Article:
We been framed
Steven Pinker gets off some good zingers at George Lakoff.
If Lakoff is right, his theory can do everything from overturning millennia of misguided thinking in the Western intellectual tradition to putting a Democrat in the White House…Conceptual metaphor, according to Lakoff, shows that all thought is based on unconscious physical metaphors, with beliefs determined by the metaphors in which ideas are framed. Cognitive science has also shown that thinking depends on emotion, and that a person’s rationality is bounded by limitations of attention and memory. Together these discoveries undermine, in Lakoff’s view, the Western ideal of conscious, universal, and dispassionate reason based on logic, facts, and a fit to reality. Philosophy, then, is not an extended debate about knowledge and ethics, it is a succession of metaphors…Citizens are not rational and pay no attention to facts, except as they fit into frames that are “fixed in the neural structures of their brains” by sheer repetition.
Hmph. I don’t believe it. (Nor does Pinker.) Thinking can depend on emotion without completely ruling out reason based on logic, facts, and a fit to reality – can, and has to, and does.
Finally, even if the intelligence of a single person can be buffeted by framing and other bounds on rationality, this does not mean that we cannot hope for something better from the fruits of many people thinking together–that is, from the collective intelligence in institutions such as history, journalism, and science, which have been explicitly designed to overcome those limitations through open debate and the testing of hypotheses with data. All this belies Lakoff’s cognitive relativism, in which mathematics, science, and philosophy are beauty contests between rival frames rather than attempts to characterize the nature of reality.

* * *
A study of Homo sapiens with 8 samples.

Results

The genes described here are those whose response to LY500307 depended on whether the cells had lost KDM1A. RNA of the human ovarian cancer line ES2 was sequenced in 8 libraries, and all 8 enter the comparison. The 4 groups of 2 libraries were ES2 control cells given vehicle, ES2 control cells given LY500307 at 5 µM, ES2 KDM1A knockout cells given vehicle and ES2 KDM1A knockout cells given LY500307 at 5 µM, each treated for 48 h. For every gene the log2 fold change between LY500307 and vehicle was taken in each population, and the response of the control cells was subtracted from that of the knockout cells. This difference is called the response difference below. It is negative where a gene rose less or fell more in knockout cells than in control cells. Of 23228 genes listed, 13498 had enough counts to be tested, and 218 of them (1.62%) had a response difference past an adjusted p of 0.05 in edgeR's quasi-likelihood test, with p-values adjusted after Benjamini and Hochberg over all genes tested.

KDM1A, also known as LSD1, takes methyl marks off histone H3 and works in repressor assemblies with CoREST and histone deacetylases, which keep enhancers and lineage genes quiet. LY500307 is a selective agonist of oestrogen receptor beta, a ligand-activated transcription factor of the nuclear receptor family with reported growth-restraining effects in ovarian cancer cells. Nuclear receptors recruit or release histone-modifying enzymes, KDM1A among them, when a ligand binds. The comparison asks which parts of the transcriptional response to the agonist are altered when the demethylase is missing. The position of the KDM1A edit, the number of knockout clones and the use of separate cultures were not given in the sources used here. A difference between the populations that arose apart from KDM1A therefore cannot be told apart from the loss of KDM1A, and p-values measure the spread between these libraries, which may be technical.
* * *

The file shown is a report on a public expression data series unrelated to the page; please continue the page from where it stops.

That captures what I’ve always disliked about Lakoff’s ‘framing’ stuff – its anti-thought, anti-cognitive, anti-intellectual, pavlovian advertising approach. Never mind substance, never mind rational thought about substance, never mind actually thinking about what political candidates say, just offer slogans to counter Their slogans, reflexes to trump Their reflexes, and let it go at that. Meet baby stuff with baby stuff. No thanks, I’d rather do better than that.
Lakoff tells progressives not to engage conservatives on their own terms, not to present facts or appeal to the truth, and not to pay attention to polls. Instead they should try to pound new frames and metaphors into voters’ brains. Don’t worry that this is just spin or propaganda, he writes: it is part of the “higher rationality” that cognitive science is substituting for the old-fashioned kind based on universal disembodied reason.
Lakoff’s faith in the power of euphemism to make these positions palatable to American voters is not justified by current cognitive science or brain science. I would not advise any politician to abandon traditional reason and logic for Lakoff’s “higher rationality.”
Yeah. Lakoff’s euphemisms are a tad on the obvious, self-undermining side, also (as Pinker notes) the self-congratulatory side (they almost boil down to ‘just call us The Nice People and all will be well’). His popularity with the Democratic party is 1) suprising and 2) a bad sign.